Published by Routledge New York and London, Bluefield Housing as Alternative Infill for the Suburbs describes Damian Madigan’s co-location urban infill housing model first developed in his Alternative Infill PhD thesis and in subsequent design research projects since. It’s available in hardback, paperback, and as a free eBook download from Routledge.com.
The Bluefield Housing book discusses barriers and opportunities to urban infill in older suburbs: how heritage and character can be reconsidered; shifting attitudes towards sharing space; the way alterations and additions building behaviours can be harnessed to create new housing; how landscape can be protected and enhanced; and the legal and financial triggers necessary to make change possible.
The book also outlines the the seven design principles underpinning the bluefield housing model.
Additionally, design exercises are provided for architecture and planning educators and scholars, to help uncover the underlying structure of older neighbourhoods and the types of small footprint housing that might be achieved there.
This book takes a suite of practical and highly effective design ideas and runs them through a rigorous process addressing financial opportunities, regulations, and community attitudes; showing how to move towards ‘win-win’ scenarios that deliver more dwellings and retain the character of the cities and suburbs we love.
– Nigel Bertram, Monash University and NMBW Architecture Studio
This book is both a grand vision for a future of housing and practical guide for how to achieve it.
– Michael Piper, University of Toronto
. . . a much needed departure from Australia’s broken ‘business as usual’ for how we deliver housing.
– Brugh O’Brien, The Australian Centre for Social Innovation
This is design research at its best – useful, transferable, propositional – advocating a compelling alternative to planning metrics. Madigan’s incisive work ranges from acute observation and analysis to lucid propositions showing the latent capacity of suburban form to accommodate more – more trees, open space, connections, diversity, people: more good stuff.
– Jennie Officer, University of Western Australia and Officer Woods Architects
In the face of dynamic global demographics we urgently need imaginative, land-efficient, habitat-protective, cost-effective housing solutions. Madigan’s concept of ‘Bluefield Housing’ is an exciting proposition and, in truth, common sense.
– Naomi Cleaver, UK designer, author, and TV presenter
From the publisher:
Suburbanised cities share a common dilemma: how to transition to more densely populated and socially connected urban systems while retaining low-rise character, avoiding gentrification, and opening neighbourhoods to more diverse housing choices. Bluefield Housing offers a new land definition and co-located infill model addressing these concerns, through describing and deploying the types of ad-hoc modifications that have been undertaken in the suburbs for decades. Extending green-, brown-, and greyfield definitions, it provides a necessary middle ground between the ‘do nothing’ attitude of suburban preservation and the ‘do everything’ approach of knock-down-rebuild regeneration.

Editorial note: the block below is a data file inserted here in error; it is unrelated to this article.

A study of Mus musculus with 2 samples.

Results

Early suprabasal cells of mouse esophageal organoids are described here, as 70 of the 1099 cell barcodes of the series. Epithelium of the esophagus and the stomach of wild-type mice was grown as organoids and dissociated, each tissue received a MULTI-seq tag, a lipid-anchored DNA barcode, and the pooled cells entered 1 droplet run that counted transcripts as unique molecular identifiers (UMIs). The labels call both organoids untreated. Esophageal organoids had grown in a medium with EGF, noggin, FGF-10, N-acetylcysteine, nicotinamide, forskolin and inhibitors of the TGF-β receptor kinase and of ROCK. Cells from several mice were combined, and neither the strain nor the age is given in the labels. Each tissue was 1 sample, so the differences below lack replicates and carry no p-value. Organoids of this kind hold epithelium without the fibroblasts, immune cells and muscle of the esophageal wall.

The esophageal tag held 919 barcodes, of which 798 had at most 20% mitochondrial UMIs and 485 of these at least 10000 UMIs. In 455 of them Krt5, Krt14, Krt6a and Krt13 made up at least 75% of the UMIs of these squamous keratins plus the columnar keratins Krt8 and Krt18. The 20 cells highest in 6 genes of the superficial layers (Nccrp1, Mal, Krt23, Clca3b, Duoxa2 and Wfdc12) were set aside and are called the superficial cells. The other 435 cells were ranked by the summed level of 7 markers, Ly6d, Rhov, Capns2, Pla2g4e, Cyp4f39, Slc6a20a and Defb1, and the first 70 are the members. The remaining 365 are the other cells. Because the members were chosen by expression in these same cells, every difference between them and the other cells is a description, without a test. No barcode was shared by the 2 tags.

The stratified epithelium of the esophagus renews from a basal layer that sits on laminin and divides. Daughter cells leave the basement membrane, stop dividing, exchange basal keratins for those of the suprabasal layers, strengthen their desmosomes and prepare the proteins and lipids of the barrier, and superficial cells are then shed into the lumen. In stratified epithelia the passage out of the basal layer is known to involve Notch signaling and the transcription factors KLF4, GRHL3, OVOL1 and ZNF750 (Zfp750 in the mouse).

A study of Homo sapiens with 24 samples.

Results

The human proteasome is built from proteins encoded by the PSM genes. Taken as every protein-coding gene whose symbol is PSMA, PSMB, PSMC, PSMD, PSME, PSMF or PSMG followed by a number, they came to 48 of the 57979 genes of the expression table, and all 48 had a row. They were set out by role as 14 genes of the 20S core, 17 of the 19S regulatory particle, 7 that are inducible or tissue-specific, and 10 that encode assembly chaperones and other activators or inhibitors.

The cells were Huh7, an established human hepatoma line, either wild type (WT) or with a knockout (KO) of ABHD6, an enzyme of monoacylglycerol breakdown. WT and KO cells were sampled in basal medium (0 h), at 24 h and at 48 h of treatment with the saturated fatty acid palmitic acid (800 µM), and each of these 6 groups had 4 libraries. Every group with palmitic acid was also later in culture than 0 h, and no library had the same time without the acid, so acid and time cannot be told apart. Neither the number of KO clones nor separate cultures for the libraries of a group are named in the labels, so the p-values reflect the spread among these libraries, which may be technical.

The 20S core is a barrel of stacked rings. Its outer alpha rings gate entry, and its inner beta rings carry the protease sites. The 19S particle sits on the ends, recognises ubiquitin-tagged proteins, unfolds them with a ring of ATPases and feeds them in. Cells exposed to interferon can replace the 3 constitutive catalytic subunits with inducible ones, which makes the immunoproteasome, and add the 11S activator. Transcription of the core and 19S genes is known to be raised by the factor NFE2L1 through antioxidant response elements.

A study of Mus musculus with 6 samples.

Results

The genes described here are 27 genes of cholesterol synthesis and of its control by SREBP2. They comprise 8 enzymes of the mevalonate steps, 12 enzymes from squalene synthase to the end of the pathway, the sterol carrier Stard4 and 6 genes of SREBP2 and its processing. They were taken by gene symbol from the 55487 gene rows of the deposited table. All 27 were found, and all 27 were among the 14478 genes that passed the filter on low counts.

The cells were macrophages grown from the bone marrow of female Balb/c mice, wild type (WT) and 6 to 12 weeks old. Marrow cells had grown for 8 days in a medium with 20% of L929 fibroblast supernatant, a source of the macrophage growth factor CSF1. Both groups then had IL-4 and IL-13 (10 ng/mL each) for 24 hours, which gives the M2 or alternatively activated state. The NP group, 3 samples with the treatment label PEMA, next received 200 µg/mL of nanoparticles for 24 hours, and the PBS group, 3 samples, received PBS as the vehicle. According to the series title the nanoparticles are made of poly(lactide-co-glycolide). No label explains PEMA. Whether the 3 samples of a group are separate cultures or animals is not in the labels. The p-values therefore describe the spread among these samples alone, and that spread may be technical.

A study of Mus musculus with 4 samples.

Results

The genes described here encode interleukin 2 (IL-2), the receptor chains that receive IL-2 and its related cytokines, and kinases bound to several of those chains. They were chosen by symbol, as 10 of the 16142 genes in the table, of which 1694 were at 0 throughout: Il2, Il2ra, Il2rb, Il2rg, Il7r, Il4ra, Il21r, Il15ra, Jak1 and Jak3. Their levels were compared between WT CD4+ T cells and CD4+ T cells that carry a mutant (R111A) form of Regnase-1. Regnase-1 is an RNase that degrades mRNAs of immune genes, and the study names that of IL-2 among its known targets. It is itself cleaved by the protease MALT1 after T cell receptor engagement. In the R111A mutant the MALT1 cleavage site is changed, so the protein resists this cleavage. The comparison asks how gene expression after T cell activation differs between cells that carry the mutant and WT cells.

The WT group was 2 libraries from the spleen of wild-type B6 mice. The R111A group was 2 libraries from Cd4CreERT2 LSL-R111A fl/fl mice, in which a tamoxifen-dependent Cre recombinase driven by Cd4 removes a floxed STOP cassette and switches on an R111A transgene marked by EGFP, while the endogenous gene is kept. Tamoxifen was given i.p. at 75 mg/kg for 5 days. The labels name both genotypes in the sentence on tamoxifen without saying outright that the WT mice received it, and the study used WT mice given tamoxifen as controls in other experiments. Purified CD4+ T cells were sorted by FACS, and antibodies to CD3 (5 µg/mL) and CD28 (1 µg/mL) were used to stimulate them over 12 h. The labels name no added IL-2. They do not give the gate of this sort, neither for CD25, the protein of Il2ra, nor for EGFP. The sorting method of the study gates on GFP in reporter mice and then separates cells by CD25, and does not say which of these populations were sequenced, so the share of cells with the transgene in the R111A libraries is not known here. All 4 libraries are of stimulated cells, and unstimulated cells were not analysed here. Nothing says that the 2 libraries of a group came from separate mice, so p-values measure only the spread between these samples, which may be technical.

An adjunct to ‘missing middle’ and subdivision densification models, with a focus on co-locating homes on small lots, Bluefield Housing presents a unified design approach to suburban infill: retrofitting original houses, retaining and enhancing landscape and urban tree canopies, and delivering additional homes as low-rise additions and backyard homes suited to the increasingly complex make-up of our households.
Extensively illustrated by the author with engaging architectural design studies, Damian Madigan describes how existing quirks of suburban housing can prompt new forms of infill, explains why a new suburban densification model is not only necessary but can be made desirable for varied stakeholders, and charts a path towards the types of statutory and market triggers required to make bluefield housing achievable. Using Australian housing as an example but addressing universal concerns around neighbourhood character, demographic needs, housing diversity, dwelling flexibility, and landscape amenity, Bluefield Housing offers innovative suburban infill ideas for policy makers, planners, architects, researchers and students of housing and design studies, and for those with a stake in the future of the suburbs.
The Open Access version of the Bluefield Housing book, available at www.taylorfrancis.com, has been made available under a Creative Commons Attribution-Non Commercial-No Derivatives (CC-BY-NC-ND) 4.0 license.